Attention sperm: Bacon bad, fish good
The quality of a man’s semen is directly related to his ability to help conceive a child. But science hasn’t found many solutions for men looking for a baby-making boost. Now a study suggests men who are hoping to start families may want to pay attention to what they eat.
A study presented at the American Society for Reproductive Medicine in Boston this week, and published in the journal Fertility and Sterility, suggests that processed meat intake is linked to poorer semen quality, and fish is linked to better semen quality.
Myriam Afeiche, research fellow at the Harvard School of Public Health, and her colleagues looked at how types of meat could be associated with semen quality. They took samples from 156 men at the Massachusetts General Hospital Fertility Center in Boston and had the men answer a questionnaire about their eating habits.
What does semen have to look like to be considered high-quality? The researchers considered four main parameters:
The concentration of sperm is one part of it. So is motility, or how fast the sperm move. The shape of the sperm also matters, as does the total sperm count — that’s the concentration multiplied by volume.
The researchers did not look at individual kinds of processed meat, so this study won’t tell you if bacon could be more sperm-stunting than hamburgers, or vice versa. But higher intake of processed meat appeared to be related to a lower percent of “morphologically normal” — or well-shaped — sperm.
Regarding fish, it seemed that men who ate more dark meat fish — such as salmon, bluefish and tuna — had higher total sperm count; more white meat fish — such as cod and halibut — was associated with normally-shaped sperm.
The researchers only looked at associations, not causes. It is unclear whether processed meat actually causes changes in sperm, or if it does, how that would happen. It’s possible men who eat more processed meat have an unhealthier diet overall, which could affect their semen. Same goes for fish intake and sperm; researchers don’t know what about fish may benefit the littler swimmers.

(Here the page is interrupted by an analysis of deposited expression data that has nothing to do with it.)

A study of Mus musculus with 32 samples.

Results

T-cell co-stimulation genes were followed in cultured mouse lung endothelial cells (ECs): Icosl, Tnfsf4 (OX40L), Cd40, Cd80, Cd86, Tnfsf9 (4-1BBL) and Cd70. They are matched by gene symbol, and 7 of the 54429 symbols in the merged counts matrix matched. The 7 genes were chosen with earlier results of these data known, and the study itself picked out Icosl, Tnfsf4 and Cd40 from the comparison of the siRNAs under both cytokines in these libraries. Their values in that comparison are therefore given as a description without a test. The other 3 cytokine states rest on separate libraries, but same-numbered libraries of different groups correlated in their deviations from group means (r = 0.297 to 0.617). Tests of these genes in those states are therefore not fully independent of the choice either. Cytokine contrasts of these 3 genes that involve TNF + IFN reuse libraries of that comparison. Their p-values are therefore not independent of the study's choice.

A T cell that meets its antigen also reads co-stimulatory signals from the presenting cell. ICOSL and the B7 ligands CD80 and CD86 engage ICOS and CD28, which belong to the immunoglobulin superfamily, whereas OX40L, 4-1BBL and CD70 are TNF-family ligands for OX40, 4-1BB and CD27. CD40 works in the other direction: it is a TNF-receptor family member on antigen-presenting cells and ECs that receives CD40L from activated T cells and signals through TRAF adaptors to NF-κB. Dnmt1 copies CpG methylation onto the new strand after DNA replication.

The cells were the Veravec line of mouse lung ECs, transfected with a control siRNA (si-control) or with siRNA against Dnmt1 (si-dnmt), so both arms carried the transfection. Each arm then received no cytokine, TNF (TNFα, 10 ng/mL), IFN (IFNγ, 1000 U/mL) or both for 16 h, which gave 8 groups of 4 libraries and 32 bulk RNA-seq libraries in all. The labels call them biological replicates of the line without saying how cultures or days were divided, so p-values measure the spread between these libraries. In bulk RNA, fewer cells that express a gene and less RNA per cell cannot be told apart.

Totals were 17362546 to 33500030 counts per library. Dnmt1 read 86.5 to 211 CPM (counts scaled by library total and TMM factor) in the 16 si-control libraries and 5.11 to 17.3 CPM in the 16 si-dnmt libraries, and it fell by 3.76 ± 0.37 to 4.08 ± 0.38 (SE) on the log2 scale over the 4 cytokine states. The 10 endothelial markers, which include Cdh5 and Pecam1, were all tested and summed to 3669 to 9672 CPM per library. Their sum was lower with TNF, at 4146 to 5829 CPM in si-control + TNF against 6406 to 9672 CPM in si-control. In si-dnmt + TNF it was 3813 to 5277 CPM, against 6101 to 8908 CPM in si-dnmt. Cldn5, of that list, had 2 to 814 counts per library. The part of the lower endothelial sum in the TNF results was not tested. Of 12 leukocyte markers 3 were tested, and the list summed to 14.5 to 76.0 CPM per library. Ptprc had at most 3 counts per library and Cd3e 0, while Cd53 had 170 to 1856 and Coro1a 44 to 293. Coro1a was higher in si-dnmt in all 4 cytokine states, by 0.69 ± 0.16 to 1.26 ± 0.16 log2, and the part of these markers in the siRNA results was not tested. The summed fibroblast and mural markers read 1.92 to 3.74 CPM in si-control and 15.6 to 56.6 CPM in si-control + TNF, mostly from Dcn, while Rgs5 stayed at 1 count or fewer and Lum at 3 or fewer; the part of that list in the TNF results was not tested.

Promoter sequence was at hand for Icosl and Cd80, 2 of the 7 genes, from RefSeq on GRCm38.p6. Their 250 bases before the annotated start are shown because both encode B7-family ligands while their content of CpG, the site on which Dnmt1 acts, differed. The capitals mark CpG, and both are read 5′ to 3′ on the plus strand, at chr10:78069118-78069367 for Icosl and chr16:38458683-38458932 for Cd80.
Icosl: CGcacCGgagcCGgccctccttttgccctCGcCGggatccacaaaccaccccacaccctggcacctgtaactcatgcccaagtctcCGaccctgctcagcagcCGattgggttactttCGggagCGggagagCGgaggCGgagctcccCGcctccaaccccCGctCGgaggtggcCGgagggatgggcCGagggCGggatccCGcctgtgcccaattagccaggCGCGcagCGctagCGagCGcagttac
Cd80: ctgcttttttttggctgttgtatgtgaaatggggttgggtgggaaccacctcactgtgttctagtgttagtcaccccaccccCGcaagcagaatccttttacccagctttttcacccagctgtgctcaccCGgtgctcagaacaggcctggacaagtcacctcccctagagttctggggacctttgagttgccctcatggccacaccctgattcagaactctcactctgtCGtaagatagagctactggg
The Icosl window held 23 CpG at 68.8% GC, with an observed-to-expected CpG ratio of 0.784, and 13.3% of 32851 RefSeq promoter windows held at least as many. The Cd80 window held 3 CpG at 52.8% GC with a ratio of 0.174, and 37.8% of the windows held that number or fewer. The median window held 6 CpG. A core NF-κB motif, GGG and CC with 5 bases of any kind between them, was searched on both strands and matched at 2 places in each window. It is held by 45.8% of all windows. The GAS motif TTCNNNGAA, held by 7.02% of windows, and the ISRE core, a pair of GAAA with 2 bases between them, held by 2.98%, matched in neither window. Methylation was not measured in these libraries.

“There might be something else going on, but we’re not sure what it is,” Afeiche said.
Afeiche and her colleagues found that neither total fat intake, including saturated fat, nor animal fat could explain these connections.
“We have previously found in this same study population that saturated fat was related to lower total sperm count and sperm concentration,” she said.
A 2012 study in the American Journal for Nutrition found that, in a sample of 701 Danish men, high intake of saturated fat was associated with low sperm concentration and low total sperm count.
Afeiche’s findings seem “quite related to our study,” said Tina Kold Jensen, professor of environmental health at University of Southern Denmark, who led the saturated fat study. But Jensen did not have any answers either about what the saturated fat would be doing biologically to diminish sperm quality.
If modifying his diet can help a man boost his semen quality, that would be an easy intervention for many couples who are having trouble conceiving.
But it should also be noted that there’s not a linear relationship between semen quality and likelihood of conception, says Afeiche. The two are related, of course, but all it takes is one sperm to conceive.
Afeiche isn’t ready to make any dietary recommendations based on her new research. This is only one study, she said, and it was done on a relatively small group of men in Boston.
“I would say that further studies are needed to confirm this,” she said.
Researchers will have to recruit a larger group of men from a wider geographic area to make the findings applicable to semen everywhere.